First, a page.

White lies are cute, but when should kids know the whole truth?
I remember holding my newborn in my arms and thinking about all the lies I’d be piling on this little bundle of joy in the years to come. Not a traditional first dad thought, but, hey, kids are resilient. Think about all the lies you’ve told that have generated childhood joy. Maybe you have a fond childhood memory fueled by a lie?
It’s great fun to tell kids wondrous tales during holidays, when visiting old friends or even running errands around town to increase your perceived wisdom or heroism. But when is it just a lil’ too much? When do you peel back the layers of lies you’ve laid on the fruit of your loins? I would suggest never. Remember: Practical lies make the world go ’round: Wonders of Wildlife construction is over when you say it is; Dickerson Park Zoo opens after “your room is clean”; and the fro-yo place will pass health inspection when momma fits into her swimsuit.
How can I discourage my kids from making gross eating noises at dinner?
I get it, open-mouth chewing is the worst. You’re not raising a gap-mouthed monster that musically masticates like a mule walking through mounds of mud, are you? To avoid any annoying behavior, I recommend tying the activity to an adulthood eventuality—things you know will happen naturally but in no way tie to the pesky activity. Por ejemplo:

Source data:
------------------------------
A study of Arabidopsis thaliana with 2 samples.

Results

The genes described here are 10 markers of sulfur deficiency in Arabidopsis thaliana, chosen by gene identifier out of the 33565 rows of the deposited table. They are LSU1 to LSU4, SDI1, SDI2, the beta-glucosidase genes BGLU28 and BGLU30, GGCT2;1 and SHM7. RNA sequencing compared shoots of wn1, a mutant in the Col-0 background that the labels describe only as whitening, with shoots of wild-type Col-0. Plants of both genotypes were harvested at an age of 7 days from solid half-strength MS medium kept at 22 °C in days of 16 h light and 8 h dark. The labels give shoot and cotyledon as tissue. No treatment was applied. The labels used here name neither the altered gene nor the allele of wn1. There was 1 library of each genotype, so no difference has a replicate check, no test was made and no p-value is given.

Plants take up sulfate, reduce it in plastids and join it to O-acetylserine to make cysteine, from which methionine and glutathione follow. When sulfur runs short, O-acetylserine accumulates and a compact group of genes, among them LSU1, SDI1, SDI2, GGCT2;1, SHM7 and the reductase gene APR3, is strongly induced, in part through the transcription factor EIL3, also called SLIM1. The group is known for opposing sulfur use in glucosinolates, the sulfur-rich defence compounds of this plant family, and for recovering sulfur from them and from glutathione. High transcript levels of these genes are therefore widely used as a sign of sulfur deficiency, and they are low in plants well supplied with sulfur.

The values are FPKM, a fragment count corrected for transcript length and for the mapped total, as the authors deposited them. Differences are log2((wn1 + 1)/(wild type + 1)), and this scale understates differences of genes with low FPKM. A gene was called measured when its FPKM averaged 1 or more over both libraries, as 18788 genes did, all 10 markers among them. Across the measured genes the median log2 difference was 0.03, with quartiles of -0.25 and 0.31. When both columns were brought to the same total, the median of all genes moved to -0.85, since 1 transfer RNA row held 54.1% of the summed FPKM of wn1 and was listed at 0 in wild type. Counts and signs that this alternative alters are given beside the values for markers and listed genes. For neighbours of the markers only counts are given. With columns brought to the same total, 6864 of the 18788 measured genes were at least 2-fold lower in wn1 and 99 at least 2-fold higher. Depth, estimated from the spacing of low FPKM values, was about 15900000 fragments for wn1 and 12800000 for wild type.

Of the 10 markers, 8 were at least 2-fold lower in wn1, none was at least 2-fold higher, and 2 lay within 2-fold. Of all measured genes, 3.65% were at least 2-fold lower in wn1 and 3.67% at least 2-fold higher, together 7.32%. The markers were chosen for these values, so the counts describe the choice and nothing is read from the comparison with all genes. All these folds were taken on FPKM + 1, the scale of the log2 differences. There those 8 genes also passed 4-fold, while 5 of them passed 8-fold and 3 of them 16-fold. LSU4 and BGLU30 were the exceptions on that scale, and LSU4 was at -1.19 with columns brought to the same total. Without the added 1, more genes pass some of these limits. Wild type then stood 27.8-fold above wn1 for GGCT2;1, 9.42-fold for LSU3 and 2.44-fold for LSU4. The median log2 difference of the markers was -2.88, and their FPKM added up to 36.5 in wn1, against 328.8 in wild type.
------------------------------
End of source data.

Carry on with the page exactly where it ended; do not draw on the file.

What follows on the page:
• Stop fighting with your siblings or you’ll have to pay taxes (eventually, we all do).
• Whiners have to wait in long lines at the DMV (eventually, and perpetually).
• Chewing with your mouth open will give you arthritis (eventually, all bodies wear out).
Should you live long enough to see your kid pay taxes or queue up at the DMV, you have the satisfaction of saying “I told you what would happen.” In summary, to stop the behavior now, plant a seed for the future. This is a long-con.